Review - posted by Crooked Bee on Sat 28 April 2012, 04:16:13Tags: Avernum: Escape from the Pit; Eric Schwarz; Spiderweb Software
Gamebanshee's Eric Schwarz has written a pretty long and detailed review of Spiderweb's latest Avernum remake. His impressions are generally positive, although he believes that, being a remake of the remake of the original Exile, the game's design is a tad outdated compared to Spiderweb's later titles:
[...] As Avernum is based off of Exile, Spiderweb's oldest game, the design of many of these quests and the overall story is decidedly different from the newer titles. Rather than having a plot, it'd be more accurate to say Avernum gives you a lot of problems to solve and scenarios to complete. Almost all of the quests are of the fetch/kill variety, and there are very few puzzles to be found, so unfortunately they tend not to be very interesting on their own. At the same time, a global reputation mechanic and the fact that many characters are involved in multiple quest-lines also means that advancing one quest will help you indirectly in others, which gives the world a great sense of consistency, as well as a feeling of progress in your adventure as previously locked areas and opportunities open to you, sometimes revealing entirely new sections of the game world that were invisible earlier on.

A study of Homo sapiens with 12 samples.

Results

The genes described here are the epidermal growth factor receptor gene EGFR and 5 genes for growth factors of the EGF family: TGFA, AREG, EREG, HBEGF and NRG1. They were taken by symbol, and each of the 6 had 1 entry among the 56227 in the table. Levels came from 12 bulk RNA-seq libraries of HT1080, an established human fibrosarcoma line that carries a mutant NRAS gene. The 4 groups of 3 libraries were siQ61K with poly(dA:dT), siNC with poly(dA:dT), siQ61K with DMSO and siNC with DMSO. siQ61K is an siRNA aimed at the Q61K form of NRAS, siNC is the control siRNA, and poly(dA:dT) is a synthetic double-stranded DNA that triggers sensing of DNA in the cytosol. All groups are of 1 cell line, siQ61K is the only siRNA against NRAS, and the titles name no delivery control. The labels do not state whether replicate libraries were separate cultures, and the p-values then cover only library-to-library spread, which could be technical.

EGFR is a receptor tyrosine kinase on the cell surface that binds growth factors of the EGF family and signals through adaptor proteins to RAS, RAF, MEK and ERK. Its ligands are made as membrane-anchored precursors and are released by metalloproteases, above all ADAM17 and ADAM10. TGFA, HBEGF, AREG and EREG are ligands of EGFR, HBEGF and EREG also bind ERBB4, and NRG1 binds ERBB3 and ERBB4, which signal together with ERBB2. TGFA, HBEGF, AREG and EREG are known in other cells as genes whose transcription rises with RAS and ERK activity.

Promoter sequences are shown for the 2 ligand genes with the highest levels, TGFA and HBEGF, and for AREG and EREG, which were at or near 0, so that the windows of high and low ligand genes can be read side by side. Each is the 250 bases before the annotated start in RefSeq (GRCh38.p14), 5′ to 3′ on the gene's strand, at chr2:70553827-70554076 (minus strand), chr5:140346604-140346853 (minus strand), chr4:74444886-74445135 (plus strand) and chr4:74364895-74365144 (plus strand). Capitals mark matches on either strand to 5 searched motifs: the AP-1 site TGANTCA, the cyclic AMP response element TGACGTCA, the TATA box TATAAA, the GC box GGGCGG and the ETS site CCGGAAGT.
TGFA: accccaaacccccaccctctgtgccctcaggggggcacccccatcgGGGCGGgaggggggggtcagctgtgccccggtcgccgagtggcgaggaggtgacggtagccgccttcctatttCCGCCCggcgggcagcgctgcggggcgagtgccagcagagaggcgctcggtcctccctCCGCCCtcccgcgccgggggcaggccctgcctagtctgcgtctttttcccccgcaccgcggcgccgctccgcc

If there's one complaint to be made about Avernum as far as its world and gameplay goes, it's that it comes from a much simpler time. While there is an interesting parallel between some of the underground conflicts and those implied above ground (such as the dominance of the state over the people), Avernum is bare-boned compared to the far more character-driven stories found in the later games, and has very little choice and consequence in either solving quests or the game ending(s), something that can become a bit jarring at times.
The game world's overall tone and morality is also a bit strange - slaughtering Slith (lizardmen) farmers in the name of the king might be uncomfortable, but the game world certainly doesn't care. Additionally, while the early game constantly reinforces how miserable the world and its people are, none of this really translates into any actual game mechanics - you'll be rolling in supplies and magic items even just a few hours into the game, while peasants continue to farm cave dirt and fight off bandits. The classic tongue-in-cheek, wry humor Jeff Vogel is known for is very much intact, but it doesn't always mesh with the situations or setting, certainly not as well as in his later games.
There are also some complaints about the game's GUI, level-up system, and boss fights in the review, so be sure to read it in full.